The government cannot rely on borrowing more money to fund pledges: David Dodge on fiscal policy
The federal government might struggle to fulfill all of the spending promises it made last year in the budget and Fall Economic Statement, according to former Bank of Canada governor David Dodge.
In a report on Monday, David Dodge, senior advisor at Bennett Jones LLP, said that the economic assumptions made by the federal government in Budget 2022 and the Fall Economic Statement were “plausible but optimistic.”
“All I was doing in the report was raising the very serious risk that they [the federal government] will not actually be able to honour the pledge that they have made in terms of their (Budget 2022) policies,” Dodge said in a television interview on Thursday.
“There’s not going to be any room, or certainly not very much more room, to make new pledges and deliver the real resources that are required to honour those pledges.”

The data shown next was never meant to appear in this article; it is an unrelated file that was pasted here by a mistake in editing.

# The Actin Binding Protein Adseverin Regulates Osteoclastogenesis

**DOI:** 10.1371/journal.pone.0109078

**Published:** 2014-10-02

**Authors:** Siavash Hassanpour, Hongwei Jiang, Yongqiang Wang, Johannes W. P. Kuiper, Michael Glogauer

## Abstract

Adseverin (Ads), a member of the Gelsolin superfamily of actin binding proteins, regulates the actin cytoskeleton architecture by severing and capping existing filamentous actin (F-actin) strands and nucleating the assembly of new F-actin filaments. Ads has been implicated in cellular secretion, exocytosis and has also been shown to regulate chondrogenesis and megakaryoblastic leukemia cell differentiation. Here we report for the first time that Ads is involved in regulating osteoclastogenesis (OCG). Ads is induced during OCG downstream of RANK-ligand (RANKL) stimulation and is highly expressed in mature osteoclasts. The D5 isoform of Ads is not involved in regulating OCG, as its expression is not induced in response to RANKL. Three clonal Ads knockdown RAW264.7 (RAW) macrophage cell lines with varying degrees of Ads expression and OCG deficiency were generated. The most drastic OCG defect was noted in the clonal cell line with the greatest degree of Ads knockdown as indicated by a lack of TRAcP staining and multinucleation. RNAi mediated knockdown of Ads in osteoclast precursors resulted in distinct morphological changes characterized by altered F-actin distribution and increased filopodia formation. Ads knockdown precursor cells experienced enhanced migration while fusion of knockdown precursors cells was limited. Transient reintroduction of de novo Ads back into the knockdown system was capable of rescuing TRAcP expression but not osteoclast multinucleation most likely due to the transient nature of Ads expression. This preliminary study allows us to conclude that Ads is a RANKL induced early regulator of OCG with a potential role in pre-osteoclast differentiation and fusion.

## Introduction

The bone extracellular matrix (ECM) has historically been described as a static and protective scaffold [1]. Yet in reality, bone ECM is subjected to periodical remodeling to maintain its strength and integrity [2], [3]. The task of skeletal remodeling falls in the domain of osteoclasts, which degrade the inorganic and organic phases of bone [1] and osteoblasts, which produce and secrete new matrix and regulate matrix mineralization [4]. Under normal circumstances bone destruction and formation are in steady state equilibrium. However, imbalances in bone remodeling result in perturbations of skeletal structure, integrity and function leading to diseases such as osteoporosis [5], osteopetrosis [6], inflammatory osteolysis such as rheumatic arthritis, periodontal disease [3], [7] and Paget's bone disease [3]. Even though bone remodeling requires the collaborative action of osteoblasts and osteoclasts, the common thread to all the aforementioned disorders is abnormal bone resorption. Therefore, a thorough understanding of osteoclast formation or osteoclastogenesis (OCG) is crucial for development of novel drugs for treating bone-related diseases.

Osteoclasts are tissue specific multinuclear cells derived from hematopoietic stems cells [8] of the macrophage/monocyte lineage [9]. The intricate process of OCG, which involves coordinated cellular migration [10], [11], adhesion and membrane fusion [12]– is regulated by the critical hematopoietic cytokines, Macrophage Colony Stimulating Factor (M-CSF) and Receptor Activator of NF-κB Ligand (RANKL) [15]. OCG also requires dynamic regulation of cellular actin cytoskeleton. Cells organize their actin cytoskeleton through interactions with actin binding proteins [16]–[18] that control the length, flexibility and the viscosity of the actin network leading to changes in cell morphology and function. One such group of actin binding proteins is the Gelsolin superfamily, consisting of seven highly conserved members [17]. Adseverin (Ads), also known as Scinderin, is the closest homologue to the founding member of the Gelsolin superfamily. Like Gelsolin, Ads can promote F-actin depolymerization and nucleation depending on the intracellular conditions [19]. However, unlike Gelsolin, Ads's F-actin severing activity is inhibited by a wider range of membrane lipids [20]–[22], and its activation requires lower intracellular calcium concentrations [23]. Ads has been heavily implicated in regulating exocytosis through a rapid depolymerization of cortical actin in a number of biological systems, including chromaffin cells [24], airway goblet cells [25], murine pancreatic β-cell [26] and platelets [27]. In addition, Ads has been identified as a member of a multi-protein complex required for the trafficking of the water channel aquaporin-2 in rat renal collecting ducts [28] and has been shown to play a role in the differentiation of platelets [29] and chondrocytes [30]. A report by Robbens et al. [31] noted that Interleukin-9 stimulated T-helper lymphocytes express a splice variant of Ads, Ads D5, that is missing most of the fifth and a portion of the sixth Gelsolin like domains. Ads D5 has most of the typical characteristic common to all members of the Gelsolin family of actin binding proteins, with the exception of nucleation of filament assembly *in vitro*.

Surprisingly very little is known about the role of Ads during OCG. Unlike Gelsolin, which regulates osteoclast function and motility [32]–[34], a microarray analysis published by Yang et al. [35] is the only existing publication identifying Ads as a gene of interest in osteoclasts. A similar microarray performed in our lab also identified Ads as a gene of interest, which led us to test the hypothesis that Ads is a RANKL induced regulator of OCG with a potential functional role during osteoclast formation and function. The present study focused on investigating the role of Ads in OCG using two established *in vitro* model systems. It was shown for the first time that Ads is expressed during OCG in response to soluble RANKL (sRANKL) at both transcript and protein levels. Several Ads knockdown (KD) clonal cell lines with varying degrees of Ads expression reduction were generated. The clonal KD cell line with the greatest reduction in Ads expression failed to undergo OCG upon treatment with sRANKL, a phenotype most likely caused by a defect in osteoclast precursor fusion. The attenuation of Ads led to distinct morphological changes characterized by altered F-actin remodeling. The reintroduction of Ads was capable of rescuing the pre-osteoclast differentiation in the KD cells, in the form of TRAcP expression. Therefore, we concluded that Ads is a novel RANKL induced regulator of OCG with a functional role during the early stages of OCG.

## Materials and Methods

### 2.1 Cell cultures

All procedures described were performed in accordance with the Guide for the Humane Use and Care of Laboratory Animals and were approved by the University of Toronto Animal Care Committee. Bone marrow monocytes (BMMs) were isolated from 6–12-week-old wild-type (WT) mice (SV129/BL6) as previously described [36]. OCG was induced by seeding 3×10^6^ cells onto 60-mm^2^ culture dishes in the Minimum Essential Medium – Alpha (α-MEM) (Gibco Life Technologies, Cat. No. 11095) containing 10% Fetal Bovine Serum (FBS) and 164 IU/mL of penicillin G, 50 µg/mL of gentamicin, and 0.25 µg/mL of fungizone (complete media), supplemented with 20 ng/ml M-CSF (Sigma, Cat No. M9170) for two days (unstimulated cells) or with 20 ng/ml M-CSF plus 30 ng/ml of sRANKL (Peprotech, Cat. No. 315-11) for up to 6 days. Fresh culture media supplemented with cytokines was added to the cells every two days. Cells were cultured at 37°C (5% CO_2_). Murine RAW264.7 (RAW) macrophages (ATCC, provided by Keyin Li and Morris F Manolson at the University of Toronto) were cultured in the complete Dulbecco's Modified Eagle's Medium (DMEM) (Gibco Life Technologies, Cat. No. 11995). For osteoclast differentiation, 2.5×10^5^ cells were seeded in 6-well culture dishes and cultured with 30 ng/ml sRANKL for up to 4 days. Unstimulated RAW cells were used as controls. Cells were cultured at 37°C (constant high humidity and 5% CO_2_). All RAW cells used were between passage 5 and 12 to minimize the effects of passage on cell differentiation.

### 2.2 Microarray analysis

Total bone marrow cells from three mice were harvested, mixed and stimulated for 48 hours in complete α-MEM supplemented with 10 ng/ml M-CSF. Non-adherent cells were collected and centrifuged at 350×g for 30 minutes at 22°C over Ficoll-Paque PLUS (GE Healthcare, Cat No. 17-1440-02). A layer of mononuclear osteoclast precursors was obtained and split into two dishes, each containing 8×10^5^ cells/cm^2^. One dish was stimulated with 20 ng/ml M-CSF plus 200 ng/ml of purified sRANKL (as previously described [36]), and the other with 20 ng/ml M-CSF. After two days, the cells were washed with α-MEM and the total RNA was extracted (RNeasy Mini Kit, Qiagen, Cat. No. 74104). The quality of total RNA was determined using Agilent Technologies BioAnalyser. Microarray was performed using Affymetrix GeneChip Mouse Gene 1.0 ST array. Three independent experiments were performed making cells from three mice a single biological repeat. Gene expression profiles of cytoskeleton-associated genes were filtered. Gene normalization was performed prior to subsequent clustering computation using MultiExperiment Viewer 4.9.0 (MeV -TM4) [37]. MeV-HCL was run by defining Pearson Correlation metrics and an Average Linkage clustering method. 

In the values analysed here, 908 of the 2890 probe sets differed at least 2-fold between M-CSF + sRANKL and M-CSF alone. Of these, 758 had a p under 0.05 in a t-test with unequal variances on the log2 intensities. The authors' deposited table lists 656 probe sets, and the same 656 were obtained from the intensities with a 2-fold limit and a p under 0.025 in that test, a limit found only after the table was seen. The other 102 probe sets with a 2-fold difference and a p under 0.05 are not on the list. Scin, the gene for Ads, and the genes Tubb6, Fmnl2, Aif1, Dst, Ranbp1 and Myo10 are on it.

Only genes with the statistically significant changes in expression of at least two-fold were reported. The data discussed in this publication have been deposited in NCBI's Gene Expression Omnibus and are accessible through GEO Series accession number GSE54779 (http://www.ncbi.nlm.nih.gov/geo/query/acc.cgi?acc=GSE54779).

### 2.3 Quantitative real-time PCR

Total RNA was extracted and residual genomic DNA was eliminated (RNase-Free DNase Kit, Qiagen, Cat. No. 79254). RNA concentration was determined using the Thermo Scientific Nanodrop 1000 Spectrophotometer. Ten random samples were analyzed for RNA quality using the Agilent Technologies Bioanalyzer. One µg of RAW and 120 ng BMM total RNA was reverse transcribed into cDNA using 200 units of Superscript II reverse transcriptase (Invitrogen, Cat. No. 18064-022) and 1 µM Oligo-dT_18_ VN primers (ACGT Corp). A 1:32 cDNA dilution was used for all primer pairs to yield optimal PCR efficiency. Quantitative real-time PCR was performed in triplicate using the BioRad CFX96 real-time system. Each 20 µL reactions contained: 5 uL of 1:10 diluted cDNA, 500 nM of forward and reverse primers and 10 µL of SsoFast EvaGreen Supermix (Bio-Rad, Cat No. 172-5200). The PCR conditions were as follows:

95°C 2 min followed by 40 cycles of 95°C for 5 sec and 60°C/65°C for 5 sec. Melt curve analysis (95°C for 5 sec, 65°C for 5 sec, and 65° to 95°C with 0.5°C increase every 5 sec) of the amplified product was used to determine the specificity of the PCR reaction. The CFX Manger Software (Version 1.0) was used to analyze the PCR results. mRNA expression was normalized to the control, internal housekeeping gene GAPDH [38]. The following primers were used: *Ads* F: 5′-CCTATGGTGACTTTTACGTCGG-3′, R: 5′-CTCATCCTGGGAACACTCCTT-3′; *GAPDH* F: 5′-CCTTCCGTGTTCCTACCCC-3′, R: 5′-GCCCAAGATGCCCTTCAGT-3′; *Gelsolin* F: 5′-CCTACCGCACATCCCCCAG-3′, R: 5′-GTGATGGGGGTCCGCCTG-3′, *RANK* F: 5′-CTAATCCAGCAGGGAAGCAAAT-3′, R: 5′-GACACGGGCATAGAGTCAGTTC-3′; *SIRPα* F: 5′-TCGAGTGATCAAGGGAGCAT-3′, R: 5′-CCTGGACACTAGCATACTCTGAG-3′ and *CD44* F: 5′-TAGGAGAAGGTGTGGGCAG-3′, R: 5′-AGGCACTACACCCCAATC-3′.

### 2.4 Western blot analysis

In the Fall Economic Statement, the federal government said that Canada was on track for a balanced budget over the next five years.
Dodge said there are three main risks that could impact the federal government's ability to deliver on its spending promises while balancing the budget.
“The first is that 2023 turns out to be considerably worse than the government had penciled in,” Dodge said, adding that uncertainty still remains high.
Second, interest rates may need to stay higher than pre-pandemic levels for longer in order to dampen inflation, Dodge said.
Lastly, he said more resources may be required to deliver on policy promises than initially expected.
Dodge thinks the federal government may have to become more fiscally prudent since it can’t rely on borrowing money to pay for spending promises.
“The point being is you cannot rely, going forward, on simply borrowing more money to fund those pledges as essentially they [the federal government] have done and being willing to do since prior to COVID- 19, but certainly during COVID-19,” he said.
Dodge added that additional spending promises would require more tax hikes and that the federal government might have to re-examine its spending priorities, focusing on areas that could stimulate economic growth.